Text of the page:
Like other businesses offering accommodations to the travelling public, the Slumber Inn in New Minas has taken a significant financial hit due to COVID-19. KIRK STARRATT
Like other businesses offering accommodations to the travelling public, the Slumber Inn in New Minas has taken a significant financial hit due to COVID-19. KIRK STARRATT

Municipal grant to support domestic multi-media campaign

COLDBROOK, N.S. —

Annapolis Valley accommodation providers need dollars and cents - and quick action.

That was the message to Kings County council when Slumber Inn Ltd. partner and owner Jaison Sandhu and general manager Loretta Buchanan made a recent presentation.

Sandhu said their situation is fairly reflective of other accommodation providers in the Annapolis Valley in light of travel restrictions imposed due to the COVID-19 pandemic. Although March, April and May are typically slow, the Slumber Inn in New Minas saw a 56 per cent decline in occupancy.

He said revenue is down more than 66 per cent over these three months. They have lost approximately $45,000 each month just by staying open. They’ve had to put expansion plans on the back burner. Savings are being depleted as capital that was to be used to expand has been needed to cover losses.

“Due to all kinds of restrictions, the leisure travel right now is down to zero. If there is any travel right now, it’s all essential,” Sandhu said, pointing out that this isn’t enough for them to stay afloat.

Domestic marketing needed

Buchanan said they remain concerned with a lack of marketing and advertising on the part of the province.

Since travel within Nova Scotia is possible, Tourism Nova Scotia has to start promoting travel within Nova Scotia to Nova Scotians. Accommodation providers are following all public health recommendations and are taking measures to keep their employees and the public safe.

Buchanan said they need all levels of government pushing together to help accommodation providers and other businesses that depend on tourism. She pointed out that PEI has been marketing to Nova Scotia even though borders were closed because “you have to plant the seed.”

“We need everybody to push because if we don’t get business started here, some of them are going to go belly-up. That’s the bottom line and that’s pretty scary,” Buchanan said.

A couple of days later, Kings County council received a request from the Annapolis Valley Chamber of Commerce (AVCC) for a $100,000 grant from the municipality’s COVID-19 emergency reserve. The money would be used for a multi-media campaign including TV, radio, print, digital and social media advertising to promote Annapolis Valley tourism within Nova Scotia.

Time of the essence

AVCC executive director Judy Rafuse said in making the request that time is of the essence and it would be too late if council waited until the July monthly meeting to act.

In a staff report presented at a June 23 special meeting, deputy chief administrative officer Rob Frost said that, in terms of TV and digital ads, the chamber had a number of professionally produced promotions done last year that are ready to roll.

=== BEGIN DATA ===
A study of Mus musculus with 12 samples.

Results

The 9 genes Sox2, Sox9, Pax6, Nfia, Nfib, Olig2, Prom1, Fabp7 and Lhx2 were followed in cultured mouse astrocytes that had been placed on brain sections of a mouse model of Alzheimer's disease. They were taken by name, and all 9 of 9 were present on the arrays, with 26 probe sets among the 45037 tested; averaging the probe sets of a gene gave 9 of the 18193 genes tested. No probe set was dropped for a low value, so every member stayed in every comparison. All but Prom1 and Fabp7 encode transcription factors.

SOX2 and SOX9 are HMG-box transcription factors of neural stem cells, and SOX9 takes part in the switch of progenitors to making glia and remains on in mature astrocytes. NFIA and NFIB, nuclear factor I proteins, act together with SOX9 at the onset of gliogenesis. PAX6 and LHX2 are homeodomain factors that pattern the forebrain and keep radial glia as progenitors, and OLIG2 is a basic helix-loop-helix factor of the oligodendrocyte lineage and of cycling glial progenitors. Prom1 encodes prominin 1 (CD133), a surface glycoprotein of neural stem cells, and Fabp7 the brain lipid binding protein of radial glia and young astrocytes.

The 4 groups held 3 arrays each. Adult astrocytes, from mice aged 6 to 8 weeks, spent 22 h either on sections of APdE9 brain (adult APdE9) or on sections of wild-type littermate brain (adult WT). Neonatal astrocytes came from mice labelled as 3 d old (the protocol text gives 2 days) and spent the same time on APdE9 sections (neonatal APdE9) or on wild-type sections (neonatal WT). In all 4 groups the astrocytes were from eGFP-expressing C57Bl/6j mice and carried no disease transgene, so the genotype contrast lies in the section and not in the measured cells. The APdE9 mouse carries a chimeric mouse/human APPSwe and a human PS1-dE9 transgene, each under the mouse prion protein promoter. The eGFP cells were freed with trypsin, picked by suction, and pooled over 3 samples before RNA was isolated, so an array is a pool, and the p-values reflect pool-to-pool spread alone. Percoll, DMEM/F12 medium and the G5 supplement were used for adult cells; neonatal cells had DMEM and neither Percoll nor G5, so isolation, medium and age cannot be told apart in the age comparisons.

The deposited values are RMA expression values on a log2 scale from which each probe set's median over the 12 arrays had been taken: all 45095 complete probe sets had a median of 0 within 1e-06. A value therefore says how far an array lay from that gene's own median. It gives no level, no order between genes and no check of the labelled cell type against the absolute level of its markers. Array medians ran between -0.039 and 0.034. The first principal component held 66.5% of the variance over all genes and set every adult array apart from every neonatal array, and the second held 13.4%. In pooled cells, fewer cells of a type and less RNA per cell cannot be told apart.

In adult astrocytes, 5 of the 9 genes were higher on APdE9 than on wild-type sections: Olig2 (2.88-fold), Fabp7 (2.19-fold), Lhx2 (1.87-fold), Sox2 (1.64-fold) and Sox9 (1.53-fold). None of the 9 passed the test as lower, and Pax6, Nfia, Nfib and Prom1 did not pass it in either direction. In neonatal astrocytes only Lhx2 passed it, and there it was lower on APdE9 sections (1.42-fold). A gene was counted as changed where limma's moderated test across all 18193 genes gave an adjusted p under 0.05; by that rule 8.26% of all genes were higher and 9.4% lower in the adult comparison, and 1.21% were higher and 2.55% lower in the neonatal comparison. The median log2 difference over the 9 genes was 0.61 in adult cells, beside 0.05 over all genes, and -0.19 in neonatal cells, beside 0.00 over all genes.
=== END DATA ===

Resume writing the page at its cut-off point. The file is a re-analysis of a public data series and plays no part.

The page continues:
The AVCC has applied for $150,000 in funding from Tourism Nova Scotia through the federal Destination Canada Fund. This funding isn’t expected to be released until late July or early August, when it would be too late to launch a campaign for the 2020 tourism season.

Rafuse said the AVCC is also requesting $4,000 from the Town of Wolfville; $5,000 from the Town of Kentville, $2,000 each from the towns of Berwick and Middleton and $10,000 from the County of Annapolis. As of June 23, the chamber had yet to receive confirmation of funding from these municipalities. The Town of Annapolis Royal has contributed $1,000.

Rafuse said they have also requested non-monetary infrastructure like essential public washroom facilities from the other municipalities.

“We know dollars are tight everywhere,” Rafuse said. “Hopefully we’ll get some uptake from them as we have in the past.”

Coun. Pauline Raven said it’s important to be ensured that the towns are being asked for money and not just infrastructure. Everybody has to step up to the plate so the chamber can execute the campaign.

“You can’t purchase media ads with a toilet,” Raven said.

Campaign could expand

Raven asked if the campaign would be expanded if the chamber procures more funding. Rafuse said if a Maritime or Atlantic Canadian “bubble” is established – or if the province is opened to the rest of the country by the third week of July as Premier Stephen McNeil hopes – the TV campaign would be expanded across the Maritimes.

Much more digital advertising would be aimed at other areas of Canada where the Valley has traditionally drawn tourists from.


By the numbers

- Deputy CAO Rob Frost said an April Tourism Nova Scotia report indicates that 38 per cent of tourism revenue in the province is generated by Nova Scotians travelling within the province. However, this is largely due to events and sports tournaments that, for the most part, aren’t happening.

- Mayor Peter Muttart said Nova Scotians normally spend $800 million travelling outside the province, so there might be a chance to circulate some of that money within Nova Scotia.

- With the approval of the tourism marketing grant to the AVCC, the County of Kings has approximately $1.1 million remaining in its $1,845,000 COVID-19 emergency reserve.